The Latest 3D Printed Fad: Flexible Armor And Pangolin Cosplay

Last week, [David Shorey] came along to the monthly Hackaday meetup in Pasadena. These meetups feature speakers and drinks, projects and chit-chat, and sometimes a few demos of what the local Hackaday community has been working on. [David]’s impromptu demo was something no one had ever seen before. It’s 3D printed tiles embedded in fabric. This is the beginning of 3D printed flexible armor, a great method for cosplay builds, and a really cool way to add another trick to your 3D printing toolkit.

Hexagons tesselate. Image credit: DrainSmith

The steps to reproduce this project are actually very easy. The most important bit is the fabric itself. This is just a piece of tulle, a fine fabric mesh that’s usually used for bridal veils. According to members of the 3D printing community, you can pick up some tulle in the fabric department of any WalMart. The steps to reproduce this technique are simply to print three layers, pause the print and move the head out of the way, lay the tulle down on the print, and hit resume.

Judging from the commentary surrounding this new technique, there are a few tips and tricks to get the most out of this 3D printable fabric. The fabric should be taut and held down with either tape or binder clips. Melting or burning doesn’t seem to be an issue, but tulle made out of nylon is fairly common, and printing 3D panels with exotic filaments that require high temperatures may result in a mess.

While very cool, there are some limitations to the technique. If, for example, you are building a suit of body armor out of bendable tessallatable panels, you will have to assemble a quilt made out of panels as large as your print bed. This could be made easier by sewing (or gluing) the tulle/scale assembly onto a larger piece of fabric. Alternatively, the process could be modified for use with an Infinite Build Volume printer. This would give you yards and yards of 3D printed scales, ready to be fashioned into an outfit.

This is one of the most interesting techniques to bring 3D printing into the domain of ‘soft’ hacks and fashion we’ve ever seen. If you want to check out what’s possible with this, be sure to follow [David] on Twitter and out his Instagram. There are a lot of really great ideas there.

As with most ideas in 3D printing, this is one that’s been done before, albeit at not such a high level. [Drato] a.k.a. [RobotMama] did pretty much the same thing a few months ago, and we thank her for her contribution to the community.

26 thoughts on “The Latest 3D Printed Fad: Flexible Armor And Pangolin Cosplay

    1. Could have overlapping plates that way. And if you had a couple of layers of something like silk between the layers it would allow easier movement.
      I wonder if a spacesuit could be built using that method.

      1. It would require insanely small tolerances to get it to seal acceptably…Maybe as an outer protective/pressure bearing layer, but the sealing would have to be done with another layer of…something…

      1. And it would arguably be more work, since you’d have to assemble and position every panel. But it might be a nice method for joining multiple sheets with a seam of special two-piece panels.

  1. Does anyone use a 3D printer to integrate sensors in fabric?

    Say for instance using the silicone adhesive impregnated conductive graphite/graphene materials or other materials with electric/magnetic field properties?

    Maybe can even spray coat the above article printed items to study electromagnetic effect. Stealth antennas maybe?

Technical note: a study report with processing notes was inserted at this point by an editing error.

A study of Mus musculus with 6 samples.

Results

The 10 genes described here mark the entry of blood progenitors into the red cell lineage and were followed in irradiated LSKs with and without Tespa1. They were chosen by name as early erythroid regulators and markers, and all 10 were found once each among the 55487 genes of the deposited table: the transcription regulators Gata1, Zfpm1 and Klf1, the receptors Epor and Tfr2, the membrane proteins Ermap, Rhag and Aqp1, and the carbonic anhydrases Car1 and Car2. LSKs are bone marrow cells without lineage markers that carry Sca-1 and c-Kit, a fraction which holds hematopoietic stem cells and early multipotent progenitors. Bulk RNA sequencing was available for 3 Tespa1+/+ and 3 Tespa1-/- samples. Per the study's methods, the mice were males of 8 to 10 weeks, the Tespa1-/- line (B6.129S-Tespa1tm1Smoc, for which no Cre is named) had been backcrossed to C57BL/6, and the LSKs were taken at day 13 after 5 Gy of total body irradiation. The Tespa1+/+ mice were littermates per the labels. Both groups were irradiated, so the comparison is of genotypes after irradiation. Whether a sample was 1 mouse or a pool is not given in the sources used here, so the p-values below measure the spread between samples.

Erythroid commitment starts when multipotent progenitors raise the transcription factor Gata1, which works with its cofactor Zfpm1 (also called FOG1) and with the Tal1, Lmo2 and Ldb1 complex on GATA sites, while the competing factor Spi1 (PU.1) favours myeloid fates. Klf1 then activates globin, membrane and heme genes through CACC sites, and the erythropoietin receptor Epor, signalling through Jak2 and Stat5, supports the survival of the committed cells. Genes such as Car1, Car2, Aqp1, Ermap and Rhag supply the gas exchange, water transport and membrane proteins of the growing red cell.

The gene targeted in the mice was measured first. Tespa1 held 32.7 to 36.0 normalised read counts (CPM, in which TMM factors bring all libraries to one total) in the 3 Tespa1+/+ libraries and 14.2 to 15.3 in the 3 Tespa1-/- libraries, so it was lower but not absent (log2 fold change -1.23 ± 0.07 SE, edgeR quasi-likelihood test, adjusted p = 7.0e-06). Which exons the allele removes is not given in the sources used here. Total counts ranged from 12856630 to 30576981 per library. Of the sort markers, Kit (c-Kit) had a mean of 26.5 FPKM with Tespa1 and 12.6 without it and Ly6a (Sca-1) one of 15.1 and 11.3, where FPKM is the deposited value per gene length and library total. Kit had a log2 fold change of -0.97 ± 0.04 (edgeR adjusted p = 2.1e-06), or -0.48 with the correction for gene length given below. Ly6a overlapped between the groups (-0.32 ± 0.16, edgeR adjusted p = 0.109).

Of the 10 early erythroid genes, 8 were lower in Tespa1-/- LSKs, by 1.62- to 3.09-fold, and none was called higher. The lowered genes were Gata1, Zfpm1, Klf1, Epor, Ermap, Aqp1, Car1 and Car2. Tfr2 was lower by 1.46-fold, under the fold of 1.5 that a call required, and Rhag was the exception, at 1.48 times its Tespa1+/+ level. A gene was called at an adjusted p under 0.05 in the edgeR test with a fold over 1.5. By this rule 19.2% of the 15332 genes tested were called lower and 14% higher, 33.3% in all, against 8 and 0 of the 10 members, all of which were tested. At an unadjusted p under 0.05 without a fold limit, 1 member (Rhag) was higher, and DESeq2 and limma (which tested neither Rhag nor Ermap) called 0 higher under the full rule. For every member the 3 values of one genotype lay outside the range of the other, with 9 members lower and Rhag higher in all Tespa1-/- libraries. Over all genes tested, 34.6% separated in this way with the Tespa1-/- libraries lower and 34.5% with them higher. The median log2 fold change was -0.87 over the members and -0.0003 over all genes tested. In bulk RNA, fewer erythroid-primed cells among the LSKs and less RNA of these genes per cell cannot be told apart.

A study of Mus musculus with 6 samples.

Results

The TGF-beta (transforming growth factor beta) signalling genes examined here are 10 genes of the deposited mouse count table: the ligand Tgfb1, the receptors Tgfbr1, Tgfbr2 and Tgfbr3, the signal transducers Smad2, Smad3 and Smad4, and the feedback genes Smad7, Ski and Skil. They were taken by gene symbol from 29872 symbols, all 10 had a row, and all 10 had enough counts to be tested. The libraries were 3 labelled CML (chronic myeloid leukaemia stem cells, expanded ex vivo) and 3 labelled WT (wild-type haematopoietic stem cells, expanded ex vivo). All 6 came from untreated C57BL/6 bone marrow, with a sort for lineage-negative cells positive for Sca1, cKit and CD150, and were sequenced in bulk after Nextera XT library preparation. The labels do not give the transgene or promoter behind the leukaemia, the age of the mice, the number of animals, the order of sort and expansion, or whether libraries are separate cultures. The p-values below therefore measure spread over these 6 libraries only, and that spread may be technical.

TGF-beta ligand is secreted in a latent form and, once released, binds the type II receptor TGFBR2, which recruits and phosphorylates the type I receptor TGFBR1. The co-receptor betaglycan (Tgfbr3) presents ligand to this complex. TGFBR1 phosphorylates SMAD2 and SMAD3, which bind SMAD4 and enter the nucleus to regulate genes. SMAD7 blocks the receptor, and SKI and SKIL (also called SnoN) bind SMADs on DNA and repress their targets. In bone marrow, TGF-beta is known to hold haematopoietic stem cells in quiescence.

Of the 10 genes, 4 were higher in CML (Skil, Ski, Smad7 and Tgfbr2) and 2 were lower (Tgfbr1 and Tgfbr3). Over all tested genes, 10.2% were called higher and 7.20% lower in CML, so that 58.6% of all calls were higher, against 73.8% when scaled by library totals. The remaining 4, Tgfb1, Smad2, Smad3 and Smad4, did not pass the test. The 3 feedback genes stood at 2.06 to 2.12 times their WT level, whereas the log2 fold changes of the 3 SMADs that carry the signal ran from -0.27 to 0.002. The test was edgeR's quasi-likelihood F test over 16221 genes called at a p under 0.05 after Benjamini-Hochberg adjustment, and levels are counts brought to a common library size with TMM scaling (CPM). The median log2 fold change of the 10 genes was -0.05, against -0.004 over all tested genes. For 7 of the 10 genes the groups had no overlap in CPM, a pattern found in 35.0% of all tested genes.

Adafruit has demonstrated the flexible resistance and heating fabrics recently in adds. Wondering what kind of bio-feedback systems can be made also including the re-enactment or whatever the different costume groups are called.

      1. Seems I’ve read somewhere, someone is 3D printing pottery or ceramics. Can’t be that complicated as may need an auger type driver. What was the compressed air system now that I think about it more??? Seems that was on hackaday or I watched on youtube. Print out the real body armor tiles and fire in a kiln. Then have a 3D printed system to install the tiles? HHhmmm… seems a sewn kevlar fabric system is more efficient… though… maybe something printed is easier for binding the ceramic part.

  2. Another problem is this approach keeps the same topology as flat fabric. It can work for sleeves but not shoulders for example. Any truly concave/convex surface is going to require something different like the snap-on systems people have discussed above.

    1. I wonder if it’s possible to use an auto leveling system to print on a considerably curved surface, like a tailor’s mannequin. Might be a job for a 3d scanner and a robot arm type printer.

      1. Given that leveling tends to be done by modifying the path to be level with the bed there’s no actual reason someone couldn’t effectively build a custom slicer that did non-flat slices. It would certainly be easier to stretch lacy fabric than plastic plates. Alternatively I guess you print the underside normally with removable supports for the arch of the curve. Then you convince the system to print an object with a curved underside with no supports once you have the mesh down.

      2. Any printer with a decent auto-level (officially referred to as tramming) can print on an angled surface to a degree, but an actual curve would require adding a new axis of movement. The hotend/nozzle would need some yaw capability to keep it pointed at the “bed”.

    1. frag that, just use screen print/ stencil to apply epoxy “tiles” right on to the fabric, you can even reinforce the epoxy with carbon and or fine abrasive powder. the epoxy will bond with the fibers and your rip the whole thing before the tiles come off.

      and so you get diy superfabric which would be a 1000 times better then this, ( i ready got to get around to posting my work on that on my page.)